More than one in four mobile and tablet users report being victims of online or mobile fraud, a national survey says, but that isn’t stopping them from using those channels.

According to the results of the 2013 Consumer Mobile Insights study released recently by Jumio Inc. of Palo Alto, Calif., fully 83% of respondents worry about identity theft but still use those mobile and online options for their convenience.

Jumio, a credentials management firm, commissioned Harris Interactive to conduct the online study from March 22-26 among 2,130 U.S. adults. There was no probability sample and thus no estimate of sampling error, Jumio said.

Nearly two-thirds of consumers have a smartphone or tablet, including 81% of female respondents ages 18 to 34, Jumio said, and 70% of men in that age bracket.

Jumio said that while one in four respondents (26%) reported being a victim of online or mobile fraud, 48% continue to conduct financial or other important activities on mobile, such as checking account statuses/balances (48%) or paying bills (32%).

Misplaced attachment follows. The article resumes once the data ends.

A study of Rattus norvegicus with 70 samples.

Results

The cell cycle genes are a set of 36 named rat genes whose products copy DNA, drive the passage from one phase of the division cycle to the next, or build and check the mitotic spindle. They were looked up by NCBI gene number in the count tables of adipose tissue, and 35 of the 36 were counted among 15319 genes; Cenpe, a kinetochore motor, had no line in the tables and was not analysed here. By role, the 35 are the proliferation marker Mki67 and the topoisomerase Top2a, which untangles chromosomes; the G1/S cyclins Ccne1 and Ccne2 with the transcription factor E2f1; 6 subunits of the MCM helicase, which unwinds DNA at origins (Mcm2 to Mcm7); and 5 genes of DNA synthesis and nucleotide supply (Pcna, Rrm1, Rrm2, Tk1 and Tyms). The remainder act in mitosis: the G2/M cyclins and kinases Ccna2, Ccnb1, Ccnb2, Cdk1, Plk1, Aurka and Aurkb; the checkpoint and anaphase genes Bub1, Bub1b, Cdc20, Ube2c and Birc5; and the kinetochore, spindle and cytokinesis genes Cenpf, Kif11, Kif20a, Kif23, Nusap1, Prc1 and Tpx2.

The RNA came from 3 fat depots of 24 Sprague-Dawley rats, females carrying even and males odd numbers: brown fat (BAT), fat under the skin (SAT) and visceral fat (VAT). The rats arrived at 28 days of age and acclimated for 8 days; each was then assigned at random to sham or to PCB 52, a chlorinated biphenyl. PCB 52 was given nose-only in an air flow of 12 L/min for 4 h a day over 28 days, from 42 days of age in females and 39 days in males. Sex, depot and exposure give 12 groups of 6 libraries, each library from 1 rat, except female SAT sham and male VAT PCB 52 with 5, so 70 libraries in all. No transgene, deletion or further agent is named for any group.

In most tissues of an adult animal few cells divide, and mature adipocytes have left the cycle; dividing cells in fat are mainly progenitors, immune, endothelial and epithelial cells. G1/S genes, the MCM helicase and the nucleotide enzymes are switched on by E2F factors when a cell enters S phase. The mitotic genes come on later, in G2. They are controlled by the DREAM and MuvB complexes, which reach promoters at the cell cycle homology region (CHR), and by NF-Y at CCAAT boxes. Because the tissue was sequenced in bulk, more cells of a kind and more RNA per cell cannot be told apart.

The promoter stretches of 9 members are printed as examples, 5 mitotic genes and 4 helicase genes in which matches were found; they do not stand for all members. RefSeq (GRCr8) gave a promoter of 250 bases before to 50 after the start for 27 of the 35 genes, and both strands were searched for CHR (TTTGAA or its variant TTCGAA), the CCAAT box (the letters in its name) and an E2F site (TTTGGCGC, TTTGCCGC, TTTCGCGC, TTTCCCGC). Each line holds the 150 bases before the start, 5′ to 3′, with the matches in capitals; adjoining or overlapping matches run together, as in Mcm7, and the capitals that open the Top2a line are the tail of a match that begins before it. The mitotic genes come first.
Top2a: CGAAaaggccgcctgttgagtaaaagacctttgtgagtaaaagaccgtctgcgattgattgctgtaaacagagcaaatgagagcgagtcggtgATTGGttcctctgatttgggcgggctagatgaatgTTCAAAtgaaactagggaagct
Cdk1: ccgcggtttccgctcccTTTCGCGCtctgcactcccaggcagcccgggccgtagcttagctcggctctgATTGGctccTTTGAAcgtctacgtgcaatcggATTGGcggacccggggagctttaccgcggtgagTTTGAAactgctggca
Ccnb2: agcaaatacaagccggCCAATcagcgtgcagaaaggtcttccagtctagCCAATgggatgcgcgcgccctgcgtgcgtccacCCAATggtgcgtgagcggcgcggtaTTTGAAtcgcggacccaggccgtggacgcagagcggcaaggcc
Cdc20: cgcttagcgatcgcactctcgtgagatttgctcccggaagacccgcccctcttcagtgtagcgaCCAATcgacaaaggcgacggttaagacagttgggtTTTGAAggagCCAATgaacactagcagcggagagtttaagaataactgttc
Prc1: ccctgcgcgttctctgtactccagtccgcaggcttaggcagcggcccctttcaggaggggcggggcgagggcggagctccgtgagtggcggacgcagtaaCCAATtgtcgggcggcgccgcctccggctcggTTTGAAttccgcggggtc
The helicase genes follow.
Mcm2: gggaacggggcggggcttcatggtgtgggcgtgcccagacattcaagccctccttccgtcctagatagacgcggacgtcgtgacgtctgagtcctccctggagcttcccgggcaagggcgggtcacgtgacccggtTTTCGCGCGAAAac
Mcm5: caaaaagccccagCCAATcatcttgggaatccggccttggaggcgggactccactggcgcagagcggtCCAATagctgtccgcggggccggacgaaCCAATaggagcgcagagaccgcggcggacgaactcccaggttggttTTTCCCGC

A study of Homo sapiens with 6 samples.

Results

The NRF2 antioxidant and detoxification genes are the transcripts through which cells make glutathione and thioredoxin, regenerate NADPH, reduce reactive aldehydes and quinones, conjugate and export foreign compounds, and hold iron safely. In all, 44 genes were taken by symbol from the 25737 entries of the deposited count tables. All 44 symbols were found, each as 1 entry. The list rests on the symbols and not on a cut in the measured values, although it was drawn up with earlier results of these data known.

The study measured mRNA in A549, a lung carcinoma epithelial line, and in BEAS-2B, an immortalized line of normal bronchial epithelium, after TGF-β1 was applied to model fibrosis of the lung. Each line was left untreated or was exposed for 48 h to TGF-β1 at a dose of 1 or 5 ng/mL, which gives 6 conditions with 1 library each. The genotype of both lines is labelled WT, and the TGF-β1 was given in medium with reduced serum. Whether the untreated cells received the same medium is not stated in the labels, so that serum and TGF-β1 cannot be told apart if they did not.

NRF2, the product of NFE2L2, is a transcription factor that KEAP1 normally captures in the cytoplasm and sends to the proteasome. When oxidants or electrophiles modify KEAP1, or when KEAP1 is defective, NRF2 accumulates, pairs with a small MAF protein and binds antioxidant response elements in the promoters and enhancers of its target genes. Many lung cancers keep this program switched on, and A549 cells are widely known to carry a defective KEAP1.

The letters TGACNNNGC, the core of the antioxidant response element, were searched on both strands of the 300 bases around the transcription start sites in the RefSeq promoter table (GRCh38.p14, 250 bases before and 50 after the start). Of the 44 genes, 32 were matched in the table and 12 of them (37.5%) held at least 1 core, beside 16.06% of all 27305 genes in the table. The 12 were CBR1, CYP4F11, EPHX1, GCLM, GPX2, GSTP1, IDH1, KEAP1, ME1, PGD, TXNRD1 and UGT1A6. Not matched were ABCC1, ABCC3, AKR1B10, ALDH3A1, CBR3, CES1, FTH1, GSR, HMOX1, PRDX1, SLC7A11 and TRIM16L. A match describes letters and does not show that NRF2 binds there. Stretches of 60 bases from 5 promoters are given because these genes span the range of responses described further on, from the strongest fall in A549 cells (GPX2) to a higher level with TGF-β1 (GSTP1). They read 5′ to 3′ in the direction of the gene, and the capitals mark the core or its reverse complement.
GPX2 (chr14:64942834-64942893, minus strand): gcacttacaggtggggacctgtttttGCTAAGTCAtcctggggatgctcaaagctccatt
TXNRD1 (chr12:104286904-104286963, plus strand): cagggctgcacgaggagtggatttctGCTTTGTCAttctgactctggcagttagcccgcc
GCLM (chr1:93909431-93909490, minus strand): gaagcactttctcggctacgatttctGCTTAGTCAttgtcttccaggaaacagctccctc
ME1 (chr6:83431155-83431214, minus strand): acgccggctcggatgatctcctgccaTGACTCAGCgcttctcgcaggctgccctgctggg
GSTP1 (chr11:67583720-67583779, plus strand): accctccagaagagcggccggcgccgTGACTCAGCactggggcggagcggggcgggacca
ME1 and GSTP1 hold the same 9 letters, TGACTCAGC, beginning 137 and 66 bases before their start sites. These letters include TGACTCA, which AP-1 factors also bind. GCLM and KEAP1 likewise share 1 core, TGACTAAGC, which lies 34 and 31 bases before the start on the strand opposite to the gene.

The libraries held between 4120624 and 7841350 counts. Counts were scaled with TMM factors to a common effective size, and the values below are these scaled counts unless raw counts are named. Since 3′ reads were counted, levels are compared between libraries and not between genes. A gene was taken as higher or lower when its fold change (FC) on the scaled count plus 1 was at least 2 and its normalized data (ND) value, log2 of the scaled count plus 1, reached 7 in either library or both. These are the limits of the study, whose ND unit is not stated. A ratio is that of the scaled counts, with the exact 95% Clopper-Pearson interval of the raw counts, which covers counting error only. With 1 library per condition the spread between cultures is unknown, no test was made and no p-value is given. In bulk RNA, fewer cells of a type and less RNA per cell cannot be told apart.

And 60% of respondents expect to use their smartphone or tablet even more in the future to conduct important activities, Jumio said.

“This adoption continues to grow in the face of increasing mobile fraud, and related concerns have clearly not kept smartphone users from participating,” said Daniel Mattes, founder and CEO of Jumio.

“Users may be willing to accept risk now in favor of convenience, but this tolerance will weaken as fraud continues to grow. The industry needs to get on board to protect our customers as much as the customers themselves need to take greater precautions,” Mattes said.